Following the shootings at Columbine High School, principal Frank DeAngelis promised the freshman class hed see them through their graduation.
Ten years later, hes still there.
"People said, I'm amazed you're still there, that you have the strength, and I said, this place provides strength for me, " DeAngelis told 7NEWS reporter Lane Lyon in a one-on-one interview.
DeAngelis said strength has come from all over the country -- and has helped columbine survive.
"What I saw over the past ten years is a community come together; we're stronger," he said.
As Mr. D, as hes known by students, strolled down the main hallway, he reflected on the tragic event nearly ten years ago. The day 13 people died when two students opened fire in the school.
"I remember it very vividly, he said, while walking down the hall.
DeAngelis said he was in his office when the shootings began.
"I came right by this trophy case and all of a sudden I'm thinking, I'm going to die, " he explained.
With shots being fired, he saw one of the gunmen, and heard glass breaking all around him.
Did you even know where you were going? Lyon asked.
No, he said, Something just kicked in."
He said he remembers seeing a group of girls trapped in the cross fire. He ran with them toward a room -- that was locked.
"I have 35 keys, and this is the thing that was so amazing, the one key that opened every door is the key I pulled out," DeAngelies said.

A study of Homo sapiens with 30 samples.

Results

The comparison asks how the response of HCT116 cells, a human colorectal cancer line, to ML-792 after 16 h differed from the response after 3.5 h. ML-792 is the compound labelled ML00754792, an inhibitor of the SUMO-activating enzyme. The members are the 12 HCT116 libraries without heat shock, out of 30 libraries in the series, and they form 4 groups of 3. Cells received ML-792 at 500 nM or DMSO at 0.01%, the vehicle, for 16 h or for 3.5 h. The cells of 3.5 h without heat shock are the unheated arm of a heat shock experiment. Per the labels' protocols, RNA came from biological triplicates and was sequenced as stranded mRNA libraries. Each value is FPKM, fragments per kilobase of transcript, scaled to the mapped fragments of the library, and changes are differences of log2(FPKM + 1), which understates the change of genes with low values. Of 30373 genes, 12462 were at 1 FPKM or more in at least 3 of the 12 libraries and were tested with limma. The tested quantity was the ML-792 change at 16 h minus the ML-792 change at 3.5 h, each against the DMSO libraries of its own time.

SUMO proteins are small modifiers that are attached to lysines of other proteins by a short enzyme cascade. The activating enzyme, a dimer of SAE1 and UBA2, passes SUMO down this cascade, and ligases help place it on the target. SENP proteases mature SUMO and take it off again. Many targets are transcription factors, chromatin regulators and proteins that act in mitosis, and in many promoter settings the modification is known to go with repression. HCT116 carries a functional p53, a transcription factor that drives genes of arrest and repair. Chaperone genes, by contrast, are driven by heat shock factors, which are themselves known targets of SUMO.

There have been changes since the tragic day. DeAngelis allowed a rare opportunity to photograph the new cafeteria and library where most of the victims encountered the gunmen. Both areas are now full of light and rich with calming colors.
"It has aspen trees and blue skies and that's what Columbine High School is all about, a ray of sunshine looking down, DeAngelis said.
DeAngelis says of 145 teachers and staff, 33 are still at the school.
He is pretty open to about the personal toll the shootings had on his life. His marriage of 17 years fell apart, and doctors warned him of raised blood pressure and cholesterol levels.
DeAngelis said he is healthier and remains very positive.
He said he believes schools everywhere are safer ten years later. And while there have been other school shootings, he points to the many cases where violence hasn't happened because more people are aware.
"(Cases) where students are reporting things about their friends or something that may not have been right."
DeAngelis, like so many, know that the word "columbine" will forever be associated with the tragic shootings.
But he hopes people will also think of the 13 victims -- and the lessons they've left behind.
"Hopefully that'll be inspiration for others to know it doesn't matter how much tragedy enters your life, there's hope for a brighter future," he said.